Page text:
As you know, ever since 1927 Slate's Moneybox column has annually designated a "Man of The Year," with the title changed in 1999 to "Person" of the year but in practice it's almost always a man because patriarchy. It's an honor bestowed not necessarily on the best person of the year, but on the most influential figure. The one who's touched the largest number of people in the most profound way.
At times that goes to a person of mixed reputation like 1931 winner Wallis Simpson, who upended the British monarchy. At times we've even been accused of "trolling" or "Slatepitches," as when we picked Adolf Hitler in 1938 and Ayatollah Khomeini in 1979.
So when I tell you that Edward Snowden is 2013's Person of the Year, don't necessarily take that as an endorsement of all his views and everything he's done. But there's no doubt that his actions have had broad significance, upending German politics and technology companies' business strategies. Snowden's revelations and his controversial flight to Russia bring together the defining trends of our era—social media and the continued legacy of the Sept. 11 terrorist attacks.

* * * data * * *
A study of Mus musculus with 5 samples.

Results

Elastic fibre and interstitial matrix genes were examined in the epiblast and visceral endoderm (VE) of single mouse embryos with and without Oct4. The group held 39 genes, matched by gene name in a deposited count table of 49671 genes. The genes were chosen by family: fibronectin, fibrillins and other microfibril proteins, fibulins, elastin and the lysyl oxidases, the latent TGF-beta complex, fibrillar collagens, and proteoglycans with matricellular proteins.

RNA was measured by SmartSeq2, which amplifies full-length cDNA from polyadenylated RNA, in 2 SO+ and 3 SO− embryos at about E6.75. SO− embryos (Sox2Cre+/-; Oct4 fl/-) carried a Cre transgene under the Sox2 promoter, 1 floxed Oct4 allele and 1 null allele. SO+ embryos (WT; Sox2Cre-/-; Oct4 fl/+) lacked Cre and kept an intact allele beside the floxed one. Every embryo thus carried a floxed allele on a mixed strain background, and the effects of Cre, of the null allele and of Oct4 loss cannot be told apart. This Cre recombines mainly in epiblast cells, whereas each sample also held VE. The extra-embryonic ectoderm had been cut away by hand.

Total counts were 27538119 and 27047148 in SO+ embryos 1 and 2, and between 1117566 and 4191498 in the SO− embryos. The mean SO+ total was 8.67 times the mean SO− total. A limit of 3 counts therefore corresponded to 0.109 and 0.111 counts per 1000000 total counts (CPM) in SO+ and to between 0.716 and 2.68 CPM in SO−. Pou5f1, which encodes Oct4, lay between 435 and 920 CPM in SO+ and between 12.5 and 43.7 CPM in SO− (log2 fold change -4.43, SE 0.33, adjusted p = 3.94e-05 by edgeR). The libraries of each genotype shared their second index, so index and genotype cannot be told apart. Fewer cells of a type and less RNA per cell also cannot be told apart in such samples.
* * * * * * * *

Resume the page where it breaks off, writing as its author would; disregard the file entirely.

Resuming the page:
Our committee did seriously consider other contenders, including the new Pope. But since Catholics everywhere have decided to act pissy about non-Catholics who are excited about the new Pope, insisting that all Popes have always said this stuff and it's all just a huge misunderstanding to think there's anything novel about him, we decided to snub the guy. The snub will probably provoke whining of its own, but that's what you get. Also, homilies are nice, but Snowden has impacted the course of history in concrete, tangible ways. If someone from inside the Church wants to leak the real dirt on the Vatican Bank next year, we'll consider giving that guy the prize.
For Slate's complete Snowden coverage, use Google like a sensible person.
Update: No! Wait! We have have a really good search function now!